Five years after the bubble burst, subprime-mortgage-style avarice is making a comeback. Consider HR. 1077 and S. 949, a pair of industry-backed bills to re-legitimize one of the slimiest practices of the bubble years – the lender kickbacks that sent armies of brokers out across the land promoting dangerous and deceptive loans, especially in low-income areas and communities of color.
Subprime lenders often charged high up-front fees, and they rarely held onto a loan long enough to care whether it got repaid. They were also fond of a form of broker commission known as a yield spread premium, or YSP, which was basically a reward for sticking a borrower with a needlessly expensive or risky loan.
YSPs were a major driver of abusive lending. More than 85 percent of subprime mortgages included them, with brokers typically collecting $1,000 dollars or more for getting people to accept tricky loans that would cost them extra money and erode their equity (the best-case scenario) or push them into default and foreclosure (the all-too-common worst case).
It was a system built to exploit the credulousness of borrowers, including many homeowners who had no idea that brokers weren't looking out for their best interests. It was also a recipe for discrimination. Regardless of their credit-worthiness, borrowers of color were much more likely to receive high-interest loans or loans with prepayment penalties, teaser rates, and other tricky features. Among borrowers with better-than-average credit scores, African-Americans and Latinos wound up with high-interest loans more than three times as frequently as whites did.
YSPs led to bad mortgages, which frequently led to disaster: according to a late 2011 report by the Center for Responsible Lending, predatory lending practices were a strong predictor of foreclosure. Unsurprisingly, the same report found that an estimated one-quarter of all Latino and African-American borrowers had either been foreclosed on or fallen into serious delinquency, compared to just under 12 percent of white borrowers.
In the Dodd-Frank financial reform law of 2010, Congress set out to end this perverse system of compensation. Dodd-Frank called for the creation of a new class of safer loans, known as Qualified Mortgages, which would get preferential legal treatment. A qualified mortgage could not include any broker payment pegged to the cost (as opposed to the amount) of a loan. Moreover, the total of up-front "points and fees," including broker payments from either borrower or lender, could not exceed 3 percent of the loan.
To their credit, the Federal Reserve Board and the Consumer Financial Protection Bureau have moved ahead with rules to put these key reforms into effect. Under their rules, brokers can no longer pocket huge up-front commissions for making loans that are likely to self-destruct a year or two down the road.
But now, at the eleventh hour, brokers and lenders are trying to undermine the new rules with the grotesquely misnamed Consumer Mortgage Choice Act, which would exempt broker kickbacks from the 3 percent cap. This is a proposal that, in both its House and Senate versions, is very obviously designed to benefit brokers, not consumers. It would open the door to a resurgence of the aggressive and indiscriminate mortgage lending that left a trail of devastation when the market collapsed.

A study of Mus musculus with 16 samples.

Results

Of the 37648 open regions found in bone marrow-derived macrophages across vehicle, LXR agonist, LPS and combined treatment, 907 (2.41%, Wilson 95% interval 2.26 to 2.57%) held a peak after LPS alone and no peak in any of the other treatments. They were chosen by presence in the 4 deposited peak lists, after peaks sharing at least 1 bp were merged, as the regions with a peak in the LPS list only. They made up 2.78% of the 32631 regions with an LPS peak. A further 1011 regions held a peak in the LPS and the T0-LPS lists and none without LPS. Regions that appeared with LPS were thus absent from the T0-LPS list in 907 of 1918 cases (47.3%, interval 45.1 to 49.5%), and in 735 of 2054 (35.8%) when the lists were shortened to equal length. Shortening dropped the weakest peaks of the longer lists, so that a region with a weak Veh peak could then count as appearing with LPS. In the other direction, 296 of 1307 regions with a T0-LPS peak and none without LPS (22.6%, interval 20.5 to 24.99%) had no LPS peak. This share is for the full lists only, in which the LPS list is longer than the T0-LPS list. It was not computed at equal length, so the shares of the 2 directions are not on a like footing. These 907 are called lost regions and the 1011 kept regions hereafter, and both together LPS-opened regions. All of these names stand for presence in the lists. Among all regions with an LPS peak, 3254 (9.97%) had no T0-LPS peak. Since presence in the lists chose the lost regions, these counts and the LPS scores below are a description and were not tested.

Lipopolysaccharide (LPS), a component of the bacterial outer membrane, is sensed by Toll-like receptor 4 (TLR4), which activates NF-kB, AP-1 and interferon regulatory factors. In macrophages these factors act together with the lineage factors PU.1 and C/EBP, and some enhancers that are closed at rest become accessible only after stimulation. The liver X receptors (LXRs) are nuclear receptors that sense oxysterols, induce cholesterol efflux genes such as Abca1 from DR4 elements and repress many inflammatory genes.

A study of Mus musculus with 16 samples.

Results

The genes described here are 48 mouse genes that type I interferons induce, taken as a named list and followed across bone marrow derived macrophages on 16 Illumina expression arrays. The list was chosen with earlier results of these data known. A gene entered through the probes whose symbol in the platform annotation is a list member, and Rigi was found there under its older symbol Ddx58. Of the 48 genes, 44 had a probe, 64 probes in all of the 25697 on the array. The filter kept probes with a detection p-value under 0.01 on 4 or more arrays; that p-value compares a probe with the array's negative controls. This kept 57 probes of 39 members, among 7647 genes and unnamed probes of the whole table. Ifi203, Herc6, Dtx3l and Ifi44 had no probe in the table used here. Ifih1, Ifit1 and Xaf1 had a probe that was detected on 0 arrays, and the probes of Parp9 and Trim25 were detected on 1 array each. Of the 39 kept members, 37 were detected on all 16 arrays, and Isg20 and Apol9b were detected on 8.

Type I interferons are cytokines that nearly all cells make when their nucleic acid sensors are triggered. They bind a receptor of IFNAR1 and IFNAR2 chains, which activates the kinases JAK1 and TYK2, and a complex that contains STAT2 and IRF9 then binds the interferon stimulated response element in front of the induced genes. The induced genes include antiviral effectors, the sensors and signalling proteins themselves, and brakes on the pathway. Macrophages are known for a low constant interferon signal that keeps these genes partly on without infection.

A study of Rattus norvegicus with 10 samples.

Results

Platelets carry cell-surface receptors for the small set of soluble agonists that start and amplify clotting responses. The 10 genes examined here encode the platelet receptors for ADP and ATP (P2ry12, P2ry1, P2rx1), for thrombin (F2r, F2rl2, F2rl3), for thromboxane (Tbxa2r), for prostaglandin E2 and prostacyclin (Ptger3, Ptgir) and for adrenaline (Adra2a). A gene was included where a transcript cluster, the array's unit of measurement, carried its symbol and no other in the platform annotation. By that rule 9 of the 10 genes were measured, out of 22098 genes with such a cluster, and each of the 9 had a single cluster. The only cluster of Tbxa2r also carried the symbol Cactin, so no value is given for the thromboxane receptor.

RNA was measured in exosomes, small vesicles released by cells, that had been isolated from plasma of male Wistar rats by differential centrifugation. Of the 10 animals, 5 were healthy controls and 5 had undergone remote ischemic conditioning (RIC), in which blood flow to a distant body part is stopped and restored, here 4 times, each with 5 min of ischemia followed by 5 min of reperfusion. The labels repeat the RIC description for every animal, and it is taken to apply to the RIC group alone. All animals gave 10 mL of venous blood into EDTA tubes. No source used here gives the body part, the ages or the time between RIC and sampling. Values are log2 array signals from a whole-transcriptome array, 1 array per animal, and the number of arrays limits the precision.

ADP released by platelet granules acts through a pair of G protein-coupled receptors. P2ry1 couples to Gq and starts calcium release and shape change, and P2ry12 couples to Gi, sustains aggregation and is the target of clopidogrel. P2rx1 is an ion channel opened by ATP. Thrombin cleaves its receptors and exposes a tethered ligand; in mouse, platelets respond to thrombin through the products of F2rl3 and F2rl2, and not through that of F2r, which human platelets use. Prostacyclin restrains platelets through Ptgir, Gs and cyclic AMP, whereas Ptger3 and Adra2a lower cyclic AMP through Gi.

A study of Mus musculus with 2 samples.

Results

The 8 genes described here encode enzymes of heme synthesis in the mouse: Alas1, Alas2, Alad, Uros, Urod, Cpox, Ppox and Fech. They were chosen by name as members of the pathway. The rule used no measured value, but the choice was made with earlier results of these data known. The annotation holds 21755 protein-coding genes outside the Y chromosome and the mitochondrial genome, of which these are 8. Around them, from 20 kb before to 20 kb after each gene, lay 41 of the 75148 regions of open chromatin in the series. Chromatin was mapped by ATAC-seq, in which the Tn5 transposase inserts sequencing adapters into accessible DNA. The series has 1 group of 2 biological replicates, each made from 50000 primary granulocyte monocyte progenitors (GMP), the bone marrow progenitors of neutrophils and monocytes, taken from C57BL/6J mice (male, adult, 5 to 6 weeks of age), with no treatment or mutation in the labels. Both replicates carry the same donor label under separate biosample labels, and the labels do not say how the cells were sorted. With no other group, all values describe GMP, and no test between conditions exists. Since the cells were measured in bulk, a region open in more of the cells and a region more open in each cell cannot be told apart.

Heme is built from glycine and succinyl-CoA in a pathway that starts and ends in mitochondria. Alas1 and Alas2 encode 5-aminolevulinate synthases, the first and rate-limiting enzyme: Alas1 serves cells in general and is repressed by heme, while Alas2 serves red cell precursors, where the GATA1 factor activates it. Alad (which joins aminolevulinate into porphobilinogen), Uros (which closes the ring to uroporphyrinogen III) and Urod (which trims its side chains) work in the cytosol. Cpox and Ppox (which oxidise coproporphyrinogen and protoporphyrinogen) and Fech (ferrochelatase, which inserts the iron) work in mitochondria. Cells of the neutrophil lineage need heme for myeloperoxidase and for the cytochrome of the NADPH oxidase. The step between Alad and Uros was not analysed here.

Although the Dodd-Frank law prohibits variable compensation based on interest rates, lenders who specialize in high-interest loans are still at liberty to pay premium commissions. The House and Senate bills would actually encourage that by excluding such commissions from the fee cap. Brokers would then inevitably gravitate toward the most irresponsible lenders, and we could expect a fresh wave of the unscrupulous lending that got us where we are today.
To make things worse, fees paid to lender-affiliated title insurance companies would also not count toward the cap under these bills. Title insurance charges, like YSPs, are associated with a long history of price-gouging.
It should come as no surprise that many lenders and brokers long to bring back a payment mechanism that produced windfall profits as soon as a loan was issued – money that did not have to be returned if the loan went bad a little while later. Barely five years after the mortgage meltdown, however, it is both extraordinary and appalling to see House members and senators – Democrats and Republicans alike – eagerly attaching their names to these foolhardy proposals.
This country is still paying the tab for the last big wave of deceptive mortgage lending. Not since the Great Depression have we experienced such a sharp increase in unemployment or such a dramatic erosion of wealth.
Americans have not forgotten. It shouldn't be too much to ask that our elected officials remember, too – and summon the courage to say no when the financial industry seeks to roll back sensible rules written to prevent predictable rip-offs.
Jim Lardner is the communications director at Americans for Financial Reform, a coalition of more than 250 civil rights, consumer, labor, business, investor and other groups working for a strong, stable and ethical financial system.